Treasury Releases Social Security and Medicare Trustees Reports
Treasury Releases Social Security and Medicare Trustees Reports

WASHINGTON – Following a meeting of the Social Security and Medicare Boards of Trustees, the U.S. Department of the Treasury—joined by Departments of Health and Human Services and Labor, the Centers for Medicare & Medicaid Services, and the Social Security Administration—released the annual Social Security and Medicare Trustees Reports.

“Social Security and Medicare are vital programs, providing security to retirees and their families,” Secretary of the Treasury Janet L. Yellen said. “Seniors spent a lifetime working to earn the benefits they receive, and the Biden-Harris Administration will continue to oppose cuts to either program. We are committed to steps that would protect and strengthen these programs that Americans rely on for a secure retirement.” 

“The Biden-Harris administration has promised to build an economy from the middle out and the bottom up—that includes ensuring that workers and their families can count on the Social Security and Medicare benefits they have earned throughout their lives,” said Acting Secretary of Labor Julie Su. “Over the last three years, near-record job growth has created the economic conditions to strengthen the Trust Funds — proof positive that we’re delivering on our commitment to retirees.”

“The Biden-Harris Administration has left no stone unturned in our efforts to strengthen and preserve Medicare, not just for our parents and grandparents but for our children and generations to come,” said Health and Human Services Secretary Xavier Becerra. “We will continue this work by negotiating the cost of prescription drugs, ensuring no one with Medicare goes bankrupt paying for lifesaving prescription drugs.”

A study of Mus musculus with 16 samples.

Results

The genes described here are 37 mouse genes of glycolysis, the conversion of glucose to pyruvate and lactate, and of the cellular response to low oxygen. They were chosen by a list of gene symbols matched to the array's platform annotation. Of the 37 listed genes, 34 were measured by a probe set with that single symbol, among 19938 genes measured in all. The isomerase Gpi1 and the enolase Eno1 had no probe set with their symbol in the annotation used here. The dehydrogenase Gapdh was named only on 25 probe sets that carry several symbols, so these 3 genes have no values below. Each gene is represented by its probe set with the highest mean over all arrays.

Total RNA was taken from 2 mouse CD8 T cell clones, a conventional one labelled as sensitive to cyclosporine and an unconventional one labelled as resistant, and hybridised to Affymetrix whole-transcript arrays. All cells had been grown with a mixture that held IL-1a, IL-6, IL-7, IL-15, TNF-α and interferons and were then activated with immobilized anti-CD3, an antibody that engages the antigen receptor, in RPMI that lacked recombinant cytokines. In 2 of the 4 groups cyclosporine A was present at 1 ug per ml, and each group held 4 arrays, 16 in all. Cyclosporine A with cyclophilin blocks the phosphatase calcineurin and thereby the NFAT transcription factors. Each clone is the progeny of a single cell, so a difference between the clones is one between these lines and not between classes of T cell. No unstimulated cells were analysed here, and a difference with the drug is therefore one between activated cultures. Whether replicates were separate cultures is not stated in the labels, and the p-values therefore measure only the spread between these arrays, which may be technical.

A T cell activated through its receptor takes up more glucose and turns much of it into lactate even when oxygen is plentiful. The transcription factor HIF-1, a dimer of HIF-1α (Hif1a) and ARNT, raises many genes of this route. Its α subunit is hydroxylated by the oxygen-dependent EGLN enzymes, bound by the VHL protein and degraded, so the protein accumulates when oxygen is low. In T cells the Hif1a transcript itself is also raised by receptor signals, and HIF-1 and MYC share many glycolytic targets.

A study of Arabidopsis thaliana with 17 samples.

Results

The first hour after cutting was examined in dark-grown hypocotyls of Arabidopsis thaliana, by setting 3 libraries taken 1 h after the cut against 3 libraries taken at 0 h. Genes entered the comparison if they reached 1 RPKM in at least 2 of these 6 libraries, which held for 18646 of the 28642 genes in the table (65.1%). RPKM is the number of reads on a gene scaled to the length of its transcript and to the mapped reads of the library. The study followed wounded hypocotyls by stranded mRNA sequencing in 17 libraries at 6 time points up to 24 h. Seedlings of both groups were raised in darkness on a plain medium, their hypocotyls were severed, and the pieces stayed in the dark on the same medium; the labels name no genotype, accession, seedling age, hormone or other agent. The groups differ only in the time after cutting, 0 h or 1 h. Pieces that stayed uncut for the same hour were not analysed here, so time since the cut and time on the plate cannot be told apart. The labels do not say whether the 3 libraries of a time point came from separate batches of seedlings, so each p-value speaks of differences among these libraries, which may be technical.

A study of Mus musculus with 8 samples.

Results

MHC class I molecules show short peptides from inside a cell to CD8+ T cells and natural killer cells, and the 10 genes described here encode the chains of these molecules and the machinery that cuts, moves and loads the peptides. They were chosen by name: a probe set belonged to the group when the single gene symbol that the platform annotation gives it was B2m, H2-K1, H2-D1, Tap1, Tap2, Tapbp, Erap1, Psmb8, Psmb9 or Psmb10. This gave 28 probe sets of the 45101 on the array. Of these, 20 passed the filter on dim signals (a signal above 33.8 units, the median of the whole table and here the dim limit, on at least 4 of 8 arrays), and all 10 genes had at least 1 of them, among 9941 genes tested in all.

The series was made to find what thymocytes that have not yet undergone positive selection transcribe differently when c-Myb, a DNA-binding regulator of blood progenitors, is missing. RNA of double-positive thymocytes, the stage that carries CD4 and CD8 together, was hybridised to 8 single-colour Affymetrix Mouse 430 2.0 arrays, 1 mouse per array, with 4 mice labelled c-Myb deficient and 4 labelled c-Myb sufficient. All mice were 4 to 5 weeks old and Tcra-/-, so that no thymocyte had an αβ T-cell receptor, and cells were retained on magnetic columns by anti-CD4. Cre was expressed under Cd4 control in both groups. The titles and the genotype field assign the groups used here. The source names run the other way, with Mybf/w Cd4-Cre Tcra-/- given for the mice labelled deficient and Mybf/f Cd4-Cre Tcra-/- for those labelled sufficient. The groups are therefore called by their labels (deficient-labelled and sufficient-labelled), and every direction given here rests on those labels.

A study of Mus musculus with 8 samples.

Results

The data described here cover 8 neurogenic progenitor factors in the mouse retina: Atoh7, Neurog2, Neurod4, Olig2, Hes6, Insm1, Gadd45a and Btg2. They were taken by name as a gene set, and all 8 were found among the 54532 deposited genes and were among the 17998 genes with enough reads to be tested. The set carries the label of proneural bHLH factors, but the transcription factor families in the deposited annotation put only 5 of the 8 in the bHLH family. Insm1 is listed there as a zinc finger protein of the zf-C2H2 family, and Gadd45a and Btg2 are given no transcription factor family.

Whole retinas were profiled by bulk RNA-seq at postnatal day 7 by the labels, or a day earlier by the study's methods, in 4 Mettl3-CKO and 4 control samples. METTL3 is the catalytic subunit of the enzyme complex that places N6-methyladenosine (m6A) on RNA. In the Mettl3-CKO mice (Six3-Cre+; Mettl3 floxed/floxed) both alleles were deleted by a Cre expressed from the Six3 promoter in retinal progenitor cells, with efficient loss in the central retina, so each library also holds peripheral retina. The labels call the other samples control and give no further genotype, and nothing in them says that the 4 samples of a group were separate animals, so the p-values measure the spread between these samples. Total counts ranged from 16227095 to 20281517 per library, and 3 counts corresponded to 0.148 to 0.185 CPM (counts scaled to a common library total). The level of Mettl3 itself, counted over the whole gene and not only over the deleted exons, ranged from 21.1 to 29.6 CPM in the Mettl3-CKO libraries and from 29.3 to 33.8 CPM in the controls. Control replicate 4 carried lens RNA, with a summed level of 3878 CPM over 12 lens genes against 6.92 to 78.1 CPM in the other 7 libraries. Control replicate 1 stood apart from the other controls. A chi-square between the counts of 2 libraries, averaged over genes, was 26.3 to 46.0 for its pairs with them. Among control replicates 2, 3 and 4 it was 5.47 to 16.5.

“This year’s report is a measure of good news for the millions of Americans who depend on Social Security, including the roughly 50 percent of seniors for whom Social Security is the difference between poverty and living in dignity — any potential benefit reduction event has been pushed off from 2034 to 2035.  More people are contributing to Social Security, thanks to strong economic policies that have yielded impressive wage growth, historic job creation, and a steady, low unemployment rate.  So long as Americans across our country continue to work, Social Security can — and will — continue to pay benefits,” said Martin O’Malley, Commissioner of Social Security. “Congress can and should take action to extend the financial health of the Trust Fund into the foreseeable future, just as it did in the past on a bipartisan basis. Eliminating the shortfall will bring peace of mind to Social Security’s 70 million-plus beneficiaries, the 180 million workers and their families who contribute to Social Security, and the entire nation.”

“Medicare provides a crucial lifeline for over 65 million Americans who depend on this vital program for their health care needs,” said CMS Administrator Chiquita Brooks-LaSure. “The Biden-Harris Administration has taken action to reinforce the program and propose enhancements that would extend its solvency while strengthening benefits. We are committed to protecting Medicare now and for future generations.”

The Social Security Report is available here, and the Medicare Trustees Report is available here. A fact sheet summarizing the reports can be viewed here.